CUE Art Foundation is pleased to present Assimilations, a solo exhibition by John Feodorov, curated by Ruba Katrib. Drawing upon his experience growing up half-Navajo (Diné) and halfwhite in the suburbs of Los Angeles, Feodorov’s multimedia installation, paintings, and prints explore how identity and memory are shaped amidst the violent pressures of cultural assimilation and the legacy of settler colonialism in the United States.
In the front gallery, Feodorov’s installation, How I Learned To Be A Christ-jun, displays Pentecostal and Jehovah’s Witness hymn books and pages along with a New Testament Bible translated into the Navajo language in an altar-like space. Manipulated recordings play a Christian congregation singing hymns combined with looped audio of the artist’s mother and grandfather singing traditional Navajo songs. In the main gallery, large paintings combine the artist’s family photographs and original photographs, pages from Pentacostal hymn books, symbols of Americana, industrial imagery, Google satellite maps, and natural landscapes with bold fields of textured paint. Combining explorations of representation and legibility with vivid and joyful mark-making, the artist reflects on the violence of white settler culture and federal policies towards Native communities, while at the same time honoring the history, stories, and sacred significance of his family homestead and traditions. The print series, Collectibles, layers the weave of a Navajo rug and stereotypical advertising copy that commodifies Indigenous cultures over his own obscured family photographs, highlighting the media’s appropriation and othering of Indigenous people along with corresponding assumptions about their identity and spirituality. Throughout the exhibition, the artist reflects on the history of coerced Navajo conversion to Pentecostalism in the 20th century in order to explore the lasting loss and duality that those forced to abandon the cultural and spiritual traditions of their ancestors experience in the present. Feordorov’s work explores the fragmentation of identity and search for belonging among urban-born Indigenous communities caused by the United States’ history of settler colonialism. In the exhibition catalogue, Ruba Katrib writes: “Throughout Feodorov’s work, a range of defining institutions converge and are at odds. These include formal and informal institutions of culture, of nation, of faith, and of belonging. It is actually the impossibilities, as well as the traumas, of reconciliation that needle and probe the works in his exhibition, Assimilations.”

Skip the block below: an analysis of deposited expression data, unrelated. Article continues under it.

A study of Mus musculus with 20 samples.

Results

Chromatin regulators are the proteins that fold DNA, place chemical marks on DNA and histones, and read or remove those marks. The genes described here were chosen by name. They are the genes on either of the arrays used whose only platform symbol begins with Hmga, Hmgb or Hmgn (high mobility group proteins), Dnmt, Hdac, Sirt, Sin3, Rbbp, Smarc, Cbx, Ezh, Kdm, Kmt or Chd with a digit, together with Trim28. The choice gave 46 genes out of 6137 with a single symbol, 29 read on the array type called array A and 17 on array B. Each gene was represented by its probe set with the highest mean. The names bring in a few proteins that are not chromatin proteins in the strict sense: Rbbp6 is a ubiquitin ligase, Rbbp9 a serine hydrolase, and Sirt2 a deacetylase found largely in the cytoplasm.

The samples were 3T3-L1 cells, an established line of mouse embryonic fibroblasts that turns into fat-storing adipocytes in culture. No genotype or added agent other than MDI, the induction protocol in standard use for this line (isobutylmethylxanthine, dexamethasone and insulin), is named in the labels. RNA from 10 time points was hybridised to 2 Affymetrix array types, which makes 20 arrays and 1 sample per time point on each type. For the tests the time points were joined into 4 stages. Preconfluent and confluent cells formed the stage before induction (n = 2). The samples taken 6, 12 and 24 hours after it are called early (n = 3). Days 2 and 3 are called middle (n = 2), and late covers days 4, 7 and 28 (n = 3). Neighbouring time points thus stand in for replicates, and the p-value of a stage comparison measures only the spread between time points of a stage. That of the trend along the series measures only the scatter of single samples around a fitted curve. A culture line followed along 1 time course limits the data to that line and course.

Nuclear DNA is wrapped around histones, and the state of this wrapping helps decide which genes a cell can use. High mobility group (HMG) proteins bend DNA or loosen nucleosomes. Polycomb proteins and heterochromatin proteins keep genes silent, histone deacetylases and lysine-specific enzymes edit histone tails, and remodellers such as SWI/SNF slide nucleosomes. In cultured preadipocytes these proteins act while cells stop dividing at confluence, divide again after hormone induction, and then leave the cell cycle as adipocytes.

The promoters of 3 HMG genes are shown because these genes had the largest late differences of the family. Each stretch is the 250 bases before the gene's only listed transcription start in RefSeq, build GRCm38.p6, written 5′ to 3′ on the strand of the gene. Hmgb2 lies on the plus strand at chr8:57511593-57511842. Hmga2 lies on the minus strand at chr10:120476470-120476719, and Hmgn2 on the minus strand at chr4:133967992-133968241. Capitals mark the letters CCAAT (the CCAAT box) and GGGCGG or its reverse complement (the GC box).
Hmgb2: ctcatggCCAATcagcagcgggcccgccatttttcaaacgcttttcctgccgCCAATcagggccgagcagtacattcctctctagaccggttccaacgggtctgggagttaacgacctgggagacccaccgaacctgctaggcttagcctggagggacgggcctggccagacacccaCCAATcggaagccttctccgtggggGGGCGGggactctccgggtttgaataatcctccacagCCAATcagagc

Of mixed Navajo (Diné) and Euro-American heritage, John Feodorov grew up in the suburbs of Southern California in the city of Whittier. As a child, his family made annual visits to his grandparents’ land on the Navajo Reservation. His time spent there continues to inform his art. Feodorov both engages and confronts the viewer through questioning assumptions about identity, spirituality, and place within the context of consumerdriven culture. Recently, his work has focused on the exploitation and degradation of Indigenous lands by governments and corporations, and its potential impact on identity, connection, and sense of place.
Feodorov has been featured in several publications, including Time and Time Again by Lucy R. Lippard; Art + Religion, edited by Aaron Rosen; and Manifestations, edited by Dr. Nancy Marie Mithlo. He was also featured in the first season of the series Art 21: Art for the 21st Century. He is co-founder of Animal Saint, an interdisciplinary art collaboration with composer and musician Paul Amiel. Feodorov served as an Arts Commissioner for the City of Seattle from 2000-03 and holds the position of Associate Professor of Art at Fairhaven College of Interdisciplinary Studies at Western Washington University in Washington State.
Ruba Katrib is Curator at MoMA PS1 in New York, where she has curated exhibitions such as Theater of Operations: The Gulf Wars 1991-2011 (co-organized with Peter Eleey); the retrospective of Simone Fattal in 2019; and the solo shows of Edgar Heap of Birds, Karrabing Collective, Fernando Palma Rodríguez, and Julia Phillips. From 2012–2018 she was Curator at SculptureCenter in New York, where she curated over twenty exhibitions including 74 million million million tons (co-organized with artist Lawrence Abu Hamdan) and solo shows with artists including Carissa Rodriguez, Kelly Akashi, Teresa Burga, Nicola L., Charlotte Prodger, Aki Sasamoto, Cosima von Bonin, Anthea Hamilton, Araya Rasdjarmrearnsook, Gabriel Sierra, Erika Verzutti, and Jumana Manna. In 2018, Katrib co-curated SITE Santa Fe’s biennial, Casa Tomada, with José Luis Blondet and Candice Hopkins.